Merck yesterday announced earnings which beat expectations. Most important, the increased 2008 earnings increased the 2008 company scorecard results.
I’m no fan of el Presidente Bush, as anyone who reads my blog will know. That being said, I wholeheartedly disagree with the assessment, repeated here, that the FDA has been “a wholly owned subsidiary of the pharmaceutical industry”.
Research has been done that has shown that FDA approvals rates are actually falling, especially in the wake of the COX-2 market withdrawls (VIOXX, Celebrex) in 2004. Pharma companies are increasingly finding it easier to get new products approved in Europe and other countries around the world but not in the US. Within Merck’s product suite, several products, including Arcoxia and ER niacin/laropiprant, cannot make it through the FDA without significant additional investment in research studies. The reality has been that the FDA has become significantly more conservative in its approach to approving new drugs under the Bush administration, not less.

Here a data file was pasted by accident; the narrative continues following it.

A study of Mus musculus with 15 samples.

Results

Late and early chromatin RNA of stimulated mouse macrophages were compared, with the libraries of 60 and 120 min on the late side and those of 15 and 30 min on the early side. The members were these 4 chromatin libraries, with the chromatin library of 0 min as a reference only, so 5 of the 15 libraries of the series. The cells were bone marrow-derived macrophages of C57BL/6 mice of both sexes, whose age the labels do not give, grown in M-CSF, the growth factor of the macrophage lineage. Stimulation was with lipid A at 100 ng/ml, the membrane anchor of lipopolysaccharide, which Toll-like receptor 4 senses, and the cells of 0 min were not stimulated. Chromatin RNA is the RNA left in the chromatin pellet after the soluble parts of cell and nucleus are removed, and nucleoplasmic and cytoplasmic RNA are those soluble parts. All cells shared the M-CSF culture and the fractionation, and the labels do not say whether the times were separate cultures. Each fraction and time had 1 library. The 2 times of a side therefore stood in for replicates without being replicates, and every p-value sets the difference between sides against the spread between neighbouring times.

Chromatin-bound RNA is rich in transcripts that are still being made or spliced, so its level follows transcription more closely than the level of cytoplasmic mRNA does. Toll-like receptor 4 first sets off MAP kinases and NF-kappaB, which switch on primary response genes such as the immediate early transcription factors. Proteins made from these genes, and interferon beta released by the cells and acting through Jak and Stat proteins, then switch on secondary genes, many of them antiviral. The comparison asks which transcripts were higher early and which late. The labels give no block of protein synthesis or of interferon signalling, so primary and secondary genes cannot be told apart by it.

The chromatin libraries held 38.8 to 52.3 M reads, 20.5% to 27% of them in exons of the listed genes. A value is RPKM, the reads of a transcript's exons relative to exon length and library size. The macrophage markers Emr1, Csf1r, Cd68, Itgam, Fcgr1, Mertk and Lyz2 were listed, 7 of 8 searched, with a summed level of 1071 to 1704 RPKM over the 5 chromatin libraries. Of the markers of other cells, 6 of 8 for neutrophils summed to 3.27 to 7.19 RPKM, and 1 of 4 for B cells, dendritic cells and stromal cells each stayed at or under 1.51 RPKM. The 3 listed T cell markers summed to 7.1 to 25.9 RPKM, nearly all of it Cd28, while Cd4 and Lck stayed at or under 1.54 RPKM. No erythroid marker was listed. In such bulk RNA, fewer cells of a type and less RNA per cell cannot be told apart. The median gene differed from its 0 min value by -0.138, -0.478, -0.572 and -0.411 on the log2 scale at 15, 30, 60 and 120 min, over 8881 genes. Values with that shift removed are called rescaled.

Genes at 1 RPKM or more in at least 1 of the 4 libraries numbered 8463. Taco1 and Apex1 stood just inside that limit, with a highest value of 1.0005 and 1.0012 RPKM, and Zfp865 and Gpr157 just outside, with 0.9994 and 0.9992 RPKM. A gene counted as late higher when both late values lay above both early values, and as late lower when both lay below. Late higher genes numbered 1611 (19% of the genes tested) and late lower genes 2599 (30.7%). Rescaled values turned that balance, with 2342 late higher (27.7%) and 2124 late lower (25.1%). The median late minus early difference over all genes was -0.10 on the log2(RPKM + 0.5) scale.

The NY Times has a balanced, in-depth article on the benefits and drawbacks of Merck’s and GlaxoSmithKline’s efforts on the cervical cancer front. They recount the marketing efforts behind the vaccine as well as the questions surrounding the cost / benefit analysis that exists.
In the Merck news category, the overall news is less than stellar these days. On the one hand, there’s some news about Whitehouse Station that should be interesting – we’re adding an array of solar panels in some of the open field area later this year. On the downside, earnings guidance wasn’t provided and clinical trial news continues to be negative overall.
There’s nothing like coming back in to the office after a few days off to be greeted with over 250 emails. And with our handy dandy e-mail capacity restriction that blocks us from sending e-mail if we have too much already accumulated in our mailbox, it will take until the end of the day before I can reply to anything.